There are frequent comments -- not necessarily here -- that there are only a few plots, endlessly recycled. Some critics will even list them for you.
What these are are lists of plot types. Maybe any plot will fit into one category on the list (although I'd like to see them fit Heinlein's "All You Zombies" on some list.}
Two plots in the same category aren't the same, or even almost the same, story. I've been reading a book of 50 (presumably great) short stories.
After all, the tags say that there are only 6 types of character: Adult male, teen male, boy, adult female, teen female, girl.
That doesn't mean that you can't have many different characters. If someone writes a story featuring Jeanette Brennan with a different name and I see it, I'll complain to Lazeez.
I, at least, seldom start with a plot, let alone a plot type. My usual starting point is:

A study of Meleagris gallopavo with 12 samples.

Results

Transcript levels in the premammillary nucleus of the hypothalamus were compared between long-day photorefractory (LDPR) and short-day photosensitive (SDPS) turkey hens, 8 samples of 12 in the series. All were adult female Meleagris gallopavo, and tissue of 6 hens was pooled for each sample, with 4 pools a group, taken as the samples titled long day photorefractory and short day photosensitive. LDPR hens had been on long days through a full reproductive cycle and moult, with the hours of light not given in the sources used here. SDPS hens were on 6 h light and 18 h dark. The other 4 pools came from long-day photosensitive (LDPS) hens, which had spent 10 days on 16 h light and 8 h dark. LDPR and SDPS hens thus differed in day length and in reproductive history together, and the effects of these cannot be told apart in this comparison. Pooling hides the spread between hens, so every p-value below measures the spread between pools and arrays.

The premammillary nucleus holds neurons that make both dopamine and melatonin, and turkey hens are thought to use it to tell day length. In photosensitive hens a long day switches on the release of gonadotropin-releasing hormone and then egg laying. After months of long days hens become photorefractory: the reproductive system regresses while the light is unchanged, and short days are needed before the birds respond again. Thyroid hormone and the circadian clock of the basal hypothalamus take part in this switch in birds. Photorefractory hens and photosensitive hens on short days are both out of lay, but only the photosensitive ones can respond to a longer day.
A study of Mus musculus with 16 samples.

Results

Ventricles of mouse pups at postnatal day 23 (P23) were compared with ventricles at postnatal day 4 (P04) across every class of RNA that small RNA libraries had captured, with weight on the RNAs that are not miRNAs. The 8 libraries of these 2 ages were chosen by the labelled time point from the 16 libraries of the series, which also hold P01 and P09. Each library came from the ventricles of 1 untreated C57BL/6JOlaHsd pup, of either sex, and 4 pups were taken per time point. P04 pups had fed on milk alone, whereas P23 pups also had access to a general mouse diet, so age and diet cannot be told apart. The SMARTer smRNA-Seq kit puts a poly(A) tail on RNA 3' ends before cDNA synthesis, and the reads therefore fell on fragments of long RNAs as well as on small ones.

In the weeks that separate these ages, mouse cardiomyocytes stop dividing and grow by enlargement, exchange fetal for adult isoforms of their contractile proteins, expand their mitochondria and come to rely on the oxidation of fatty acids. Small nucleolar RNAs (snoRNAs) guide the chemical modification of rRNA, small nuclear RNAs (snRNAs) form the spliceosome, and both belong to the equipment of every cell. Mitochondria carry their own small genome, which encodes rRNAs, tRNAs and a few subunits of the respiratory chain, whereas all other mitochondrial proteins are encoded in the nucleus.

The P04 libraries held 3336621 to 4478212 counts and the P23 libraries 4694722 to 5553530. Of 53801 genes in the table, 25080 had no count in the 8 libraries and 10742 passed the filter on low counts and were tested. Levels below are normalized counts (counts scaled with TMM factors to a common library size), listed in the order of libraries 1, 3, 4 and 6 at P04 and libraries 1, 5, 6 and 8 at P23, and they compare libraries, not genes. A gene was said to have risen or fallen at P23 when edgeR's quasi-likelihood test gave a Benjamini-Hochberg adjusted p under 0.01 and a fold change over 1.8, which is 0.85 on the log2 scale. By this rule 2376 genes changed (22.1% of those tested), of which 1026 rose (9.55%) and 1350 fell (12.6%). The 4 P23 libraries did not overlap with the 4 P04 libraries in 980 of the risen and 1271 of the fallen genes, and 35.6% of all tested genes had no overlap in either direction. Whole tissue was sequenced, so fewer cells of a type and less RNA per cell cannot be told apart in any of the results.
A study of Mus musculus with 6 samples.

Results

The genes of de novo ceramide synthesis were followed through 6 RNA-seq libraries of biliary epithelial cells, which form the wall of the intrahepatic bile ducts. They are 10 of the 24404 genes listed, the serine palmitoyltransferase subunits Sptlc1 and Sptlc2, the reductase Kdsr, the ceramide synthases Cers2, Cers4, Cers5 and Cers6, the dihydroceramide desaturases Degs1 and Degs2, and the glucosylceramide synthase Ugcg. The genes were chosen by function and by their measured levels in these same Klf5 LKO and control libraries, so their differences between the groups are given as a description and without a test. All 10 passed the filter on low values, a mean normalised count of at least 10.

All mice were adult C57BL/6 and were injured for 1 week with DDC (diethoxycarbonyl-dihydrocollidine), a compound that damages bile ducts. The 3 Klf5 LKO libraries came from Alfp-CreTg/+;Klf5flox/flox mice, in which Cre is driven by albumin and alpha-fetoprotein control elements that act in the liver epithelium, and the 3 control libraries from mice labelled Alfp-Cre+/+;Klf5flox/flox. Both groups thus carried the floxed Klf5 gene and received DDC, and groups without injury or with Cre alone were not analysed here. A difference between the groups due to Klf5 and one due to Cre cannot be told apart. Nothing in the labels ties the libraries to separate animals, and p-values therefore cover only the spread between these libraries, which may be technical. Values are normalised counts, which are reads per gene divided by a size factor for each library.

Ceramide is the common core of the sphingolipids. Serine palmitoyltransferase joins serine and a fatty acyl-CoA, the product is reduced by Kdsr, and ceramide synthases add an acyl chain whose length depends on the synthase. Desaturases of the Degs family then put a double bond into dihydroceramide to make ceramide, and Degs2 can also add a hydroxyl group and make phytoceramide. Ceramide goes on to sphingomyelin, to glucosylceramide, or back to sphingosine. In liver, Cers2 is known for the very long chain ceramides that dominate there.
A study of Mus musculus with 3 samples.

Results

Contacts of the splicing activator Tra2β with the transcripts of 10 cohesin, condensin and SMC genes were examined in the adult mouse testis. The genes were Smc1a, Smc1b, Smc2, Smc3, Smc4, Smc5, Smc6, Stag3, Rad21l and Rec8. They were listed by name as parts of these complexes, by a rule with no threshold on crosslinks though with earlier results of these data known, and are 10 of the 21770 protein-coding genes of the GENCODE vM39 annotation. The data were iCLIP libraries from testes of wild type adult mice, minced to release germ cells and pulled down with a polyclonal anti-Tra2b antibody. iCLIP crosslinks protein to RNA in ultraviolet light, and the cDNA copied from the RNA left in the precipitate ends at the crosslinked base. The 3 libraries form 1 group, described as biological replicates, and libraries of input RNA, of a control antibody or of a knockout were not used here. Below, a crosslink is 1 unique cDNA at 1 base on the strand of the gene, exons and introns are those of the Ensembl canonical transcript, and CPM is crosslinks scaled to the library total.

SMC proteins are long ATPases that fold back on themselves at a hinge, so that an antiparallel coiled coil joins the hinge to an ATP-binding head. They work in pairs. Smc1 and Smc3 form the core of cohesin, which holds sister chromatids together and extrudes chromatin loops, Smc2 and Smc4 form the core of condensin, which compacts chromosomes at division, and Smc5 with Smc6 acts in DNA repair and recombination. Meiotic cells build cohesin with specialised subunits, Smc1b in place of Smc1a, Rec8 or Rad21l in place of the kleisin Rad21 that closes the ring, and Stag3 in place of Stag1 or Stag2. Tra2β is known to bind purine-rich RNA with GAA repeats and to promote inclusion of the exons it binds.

1) A guy,
2) A gal,
3) A situation.
Now that formula doesn't cover MM or FF stories. It doesn't even cover all my stories. Still, you could write all your life following that formula without repeating.
Sometimes, when you start like that, you find that the guy and the gal don't interact in a way that leads to sex or not in a way that leads to a story. You have to be ready to abandon your beginning and begin an entirely different story.
A few caveats:
A physical description isn't a character. Characters aren't as complicated as real people, but the closer you get to that, the better.
You have to know more about your characters than the reader does. You only tell a little, but as the story goes on, the character acts out of your understanding of him/her. That way, the reader sees something consistent.
With a serial running right now in which the guy and the gal meet in the first chapter, I can't say, "Don't have them meet onstage." Don't restrict yourself to that, however. "Situation" doesn't mean "The circumstances under which they meet."
One reason that I like to write about married couples is that a marriage involves lots of situations which involve sex. Even if the situations don't, the couple often have sex.
I say you start with a situation, but -- really -- you start with a situation, one or both characters react to that, and that gives you a somewhat different situation.